NEW YORK– The New York State Troopers are again looking to fill their ranks and signups for their exam will end this December – a test that most likely won’t be given for another two years.
To sign up for the exam or check your eligibility, go to www.troopers.state.ny.us or call 561-7400 for details. The last date to sign up is Dec. 1 and exams will begin in early spring.
A trooper’s starting salary is $50,374 with full benefits, and after 20 years of service a retirement plan is offered.
The agency holds the exam every two or four years, depending on a number of factors, including increased demands and attrition.
“It is a paramilitary structured organization, so you must be able to take orders, follow a chain of command and yet be independent, self motivated and able to handle all kinds of situations alone,” said local Station Commander Sgt. Elizabeth Wonka.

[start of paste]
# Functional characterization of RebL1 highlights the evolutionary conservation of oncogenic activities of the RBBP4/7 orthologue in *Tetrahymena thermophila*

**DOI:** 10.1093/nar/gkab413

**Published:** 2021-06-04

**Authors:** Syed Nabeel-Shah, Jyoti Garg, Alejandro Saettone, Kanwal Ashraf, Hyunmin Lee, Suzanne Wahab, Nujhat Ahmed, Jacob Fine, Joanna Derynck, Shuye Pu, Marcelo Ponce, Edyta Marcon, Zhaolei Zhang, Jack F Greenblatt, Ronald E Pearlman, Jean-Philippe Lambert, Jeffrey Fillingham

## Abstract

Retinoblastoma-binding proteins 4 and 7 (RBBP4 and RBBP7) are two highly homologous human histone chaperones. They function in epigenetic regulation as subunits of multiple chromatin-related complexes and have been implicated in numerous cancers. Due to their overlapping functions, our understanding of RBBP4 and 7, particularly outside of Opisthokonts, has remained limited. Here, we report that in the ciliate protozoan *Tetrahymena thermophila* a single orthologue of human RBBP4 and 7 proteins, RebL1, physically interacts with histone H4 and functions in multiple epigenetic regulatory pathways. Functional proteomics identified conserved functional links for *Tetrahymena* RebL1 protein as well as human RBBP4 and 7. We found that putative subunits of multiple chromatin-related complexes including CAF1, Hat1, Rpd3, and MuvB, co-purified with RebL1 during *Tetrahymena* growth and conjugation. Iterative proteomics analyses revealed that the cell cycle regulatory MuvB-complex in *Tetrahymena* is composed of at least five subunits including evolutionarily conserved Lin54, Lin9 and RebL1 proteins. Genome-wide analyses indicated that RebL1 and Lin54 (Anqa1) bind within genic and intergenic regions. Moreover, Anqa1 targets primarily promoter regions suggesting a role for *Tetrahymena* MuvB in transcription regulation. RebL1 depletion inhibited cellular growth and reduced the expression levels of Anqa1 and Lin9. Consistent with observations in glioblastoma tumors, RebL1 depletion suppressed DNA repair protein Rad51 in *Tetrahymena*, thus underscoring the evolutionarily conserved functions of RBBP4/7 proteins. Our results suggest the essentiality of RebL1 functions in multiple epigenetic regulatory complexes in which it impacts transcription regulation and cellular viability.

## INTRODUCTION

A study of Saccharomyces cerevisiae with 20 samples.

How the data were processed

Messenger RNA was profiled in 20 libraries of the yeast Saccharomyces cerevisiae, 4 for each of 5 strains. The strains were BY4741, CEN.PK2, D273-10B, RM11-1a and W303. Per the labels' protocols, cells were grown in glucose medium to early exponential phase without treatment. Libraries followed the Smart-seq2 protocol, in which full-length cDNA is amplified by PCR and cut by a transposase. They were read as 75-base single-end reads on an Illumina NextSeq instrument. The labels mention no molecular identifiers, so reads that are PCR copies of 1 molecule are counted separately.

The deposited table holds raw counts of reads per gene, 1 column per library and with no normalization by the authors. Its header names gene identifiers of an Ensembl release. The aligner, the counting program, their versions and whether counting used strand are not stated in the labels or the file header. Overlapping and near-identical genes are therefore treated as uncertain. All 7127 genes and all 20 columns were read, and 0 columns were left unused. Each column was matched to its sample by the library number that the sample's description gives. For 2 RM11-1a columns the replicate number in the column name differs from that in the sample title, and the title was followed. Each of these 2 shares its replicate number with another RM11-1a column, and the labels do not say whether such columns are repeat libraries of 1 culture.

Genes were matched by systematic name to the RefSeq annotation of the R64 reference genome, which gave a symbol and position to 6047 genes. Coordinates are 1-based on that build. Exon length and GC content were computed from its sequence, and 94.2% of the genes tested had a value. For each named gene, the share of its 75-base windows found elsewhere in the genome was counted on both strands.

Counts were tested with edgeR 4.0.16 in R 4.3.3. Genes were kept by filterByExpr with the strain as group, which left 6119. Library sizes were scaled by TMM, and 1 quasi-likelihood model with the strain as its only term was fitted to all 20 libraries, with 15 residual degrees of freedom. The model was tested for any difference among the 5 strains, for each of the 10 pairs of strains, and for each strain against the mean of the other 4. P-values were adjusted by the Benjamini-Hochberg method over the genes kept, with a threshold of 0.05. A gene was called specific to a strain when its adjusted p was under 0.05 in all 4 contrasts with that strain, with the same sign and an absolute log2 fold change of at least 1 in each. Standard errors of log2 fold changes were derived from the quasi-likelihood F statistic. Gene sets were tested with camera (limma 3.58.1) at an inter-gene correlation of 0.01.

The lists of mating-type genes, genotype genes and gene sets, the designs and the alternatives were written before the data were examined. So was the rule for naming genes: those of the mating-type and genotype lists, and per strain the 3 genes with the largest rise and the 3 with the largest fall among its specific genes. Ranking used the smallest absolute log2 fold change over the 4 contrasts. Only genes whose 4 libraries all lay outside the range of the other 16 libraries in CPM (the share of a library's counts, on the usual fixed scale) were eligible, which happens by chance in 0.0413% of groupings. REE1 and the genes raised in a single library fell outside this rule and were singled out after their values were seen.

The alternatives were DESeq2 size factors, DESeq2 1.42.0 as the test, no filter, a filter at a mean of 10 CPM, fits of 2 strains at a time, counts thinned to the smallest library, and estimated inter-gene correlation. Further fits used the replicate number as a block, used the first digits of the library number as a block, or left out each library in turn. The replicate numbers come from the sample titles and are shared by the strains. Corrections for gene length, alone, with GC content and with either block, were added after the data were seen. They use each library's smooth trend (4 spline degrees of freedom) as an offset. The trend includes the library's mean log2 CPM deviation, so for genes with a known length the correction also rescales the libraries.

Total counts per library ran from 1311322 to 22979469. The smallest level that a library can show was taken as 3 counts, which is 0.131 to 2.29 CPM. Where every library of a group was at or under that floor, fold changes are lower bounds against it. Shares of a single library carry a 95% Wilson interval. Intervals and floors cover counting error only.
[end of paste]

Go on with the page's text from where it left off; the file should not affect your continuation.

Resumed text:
“With over 4,900 sworn members, and more than 1,100 non-sworn employees, the New York State Police provides a myriad of special services that include: aviation, dedicated interstate patrols, canine patrols, SCUBA, counter terrorism, crime analysis, forensic sciences, forensic crime laboratory, commercial vehicle enforcement, mobile response team (similar to SWAT), narcotics enforcement teams, violent felony warrant squad, marine unit, crisis negotiation teams, accident reconstructionists, drug recognition experts, mobile command post, major crimes unit, auto theft unit, firearms tracing unit, hazardous materials enforcement, and computer crimes unit,” said the agency in a release.
Wonka has served the New York State Police for over 24 years. She has seen her fair share of experiences including being sent to New York City in response to the World Trade Center attacks on Sept. 11, 2001, taken part in State Police raids in Buffalo, New York City, Newburgh, Schenectady, Ithaca and Binghamton. She also worked two details with State Senator Hoffman’s civil rights group and escorted specially selected high school students to Mississippi so they could study the history of civil rights.